Take-out pizza and wine are always an ideal pairing. Our columnist shares his favourite combos


Danny co-owns Innovative Beverages, is an importer of fine wines and is a CAPSAC-certified sommelier. Photo: Tammy Fancy

When my fine editor suggested a takeout pizza and wine-pairing column, he didn’t have to ask twice. Two of my favourite things together, and an excuse to invite some good friends to help with the hard work.

For this project, we decided to focus on our favourite take-out/delivery spots. But we still had to decide which pizzas to try. We challenged ourselves to find pizzas that work with wines other than fruity reds, which is when the real fun began. White wine with your pizza? Rosé? Sparkling?

Alexandra’s Pizza. A locally owned chain, Alexandra’s has eight locations around the city. It also brings back-late night memories for me, as I visited the Queen Street location on more than a few occasions in my formative years, during walks home on the weekend. The pepperoni and cheese is super popular for a reason. Nice medium-thick and crispy crust, with lots of toppings. This type of basic pizza is very versatile with red wine. The meaty topping calls out for a wine with a bit of weight. We had a beefy Cote du Rhone blend, with a lot of Syrah in it, and it worked well. Other choices include most Italian wines (especially the Chianti we had), or Valpolicella or a southern Italian red.

Bramosa Pizza. Bramosa has become a Quinpool Road hot spot, thanks to its signature thin-crust pizzas. This seemed like a great place to order the traditional Margherita pizza. What could be better than a thin crust with sweet tomato sauce, olive oil, garlic, basil, and bocconcini? Our group of five tasters split on this one. Some liked the New Zealand Pinot Noir, and others the French Cote du Rhone. But everyone agreed that the Chianti worked best with this style of pizza. The fresh fruity acidity of the wine balanced with the sauce, and cut through the cheese. The dry rosé wine was a pleasant surprise: an unusual but excellent pairing.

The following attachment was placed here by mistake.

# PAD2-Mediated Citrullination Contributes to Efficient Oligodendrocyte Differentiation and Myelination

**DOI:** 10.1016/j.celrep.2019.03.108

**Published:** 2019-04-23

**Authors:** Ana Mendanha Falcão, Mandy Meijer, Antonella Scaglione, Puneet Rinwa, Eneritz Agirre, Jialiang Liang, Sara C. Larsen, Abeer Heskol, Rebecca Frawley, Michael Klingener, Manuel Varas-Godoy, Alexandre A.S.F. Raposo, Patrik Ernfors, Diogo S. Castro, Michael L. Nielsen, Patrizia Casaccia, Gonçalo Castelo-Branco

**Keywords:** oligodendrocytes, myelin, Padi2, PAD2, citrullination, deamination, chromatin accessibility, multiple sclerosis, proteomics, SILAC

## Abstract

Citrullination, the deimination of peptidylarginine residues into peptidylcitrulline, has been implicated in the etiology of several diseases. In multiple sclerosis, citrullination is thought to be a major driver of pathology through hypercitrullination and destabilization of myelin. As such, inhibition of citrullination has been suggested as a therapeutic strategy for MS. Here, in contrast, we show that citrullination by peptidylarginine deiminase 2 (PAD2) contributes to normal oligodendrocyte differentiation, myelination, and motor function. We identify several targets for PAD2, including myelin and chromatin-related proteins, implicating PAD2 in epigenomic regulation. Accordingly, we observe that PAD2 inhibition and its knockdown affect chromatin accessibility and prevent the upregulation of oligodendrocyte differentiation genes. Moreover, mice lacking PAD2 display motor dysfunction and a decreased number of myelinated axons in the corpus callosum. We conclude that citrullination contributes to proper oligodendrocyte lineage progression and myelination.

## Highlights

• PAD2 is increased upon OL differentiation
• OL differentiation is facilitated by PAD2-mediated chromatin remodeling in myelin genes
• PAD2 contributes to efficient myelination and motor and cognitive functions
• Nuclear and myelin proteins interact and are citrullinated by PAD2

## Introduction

Salvatore’s Pizzaiolo.
A Hydrostone institution, Salvatore’s owners are real Italian traditionalists, to the point that they refuse to put more than four ingredients on their pizzas. We knew we could get creative here, so we ordered the Bianco in Stephano (four types of cheese including Ricotta, tomatoes, onions, herbs, and a garlic infused crust. But no tomato sauce!) First we tried the Sauvignon Blanc from New Zealand, which worked well with the fresh acidity balancing all the cheese. Sparkling wine also tasted fantastic with the toppings. Try Pinot Grigio or even unoaked Chardonnay. If you want something local, try Nova 7 or a Tidal Bay white.

Tomavinos. After a brief hiatus, Tomavinos is back, now located on the waterfront beside Garrison Brewery. This time, we customized our own vegetarian combo with roasted red peppers, sautéed onions, tomatoes, and spinach. The result was a pie bursting with flavour that knocked the Chianti out of the park, also pairing well with the rosé. In a pinch, it could work with a bigger white wine (like Viognier). The Cote du Rhone red proved a bit overpowering, but the Pinot Noir was a nice match.

Of course, this article just scratches the surface. Halifax has lots of great pizza spots and we only focused on a few of our favourite take-out joints. The big lesson is that there’s no need to bust the bank when buying pizza wine. Focus on lighter styles for vegetarian options and save the bigger reds for the meat lovers pizza. If you want to splurge, buy Italian, and you can’t go wrong.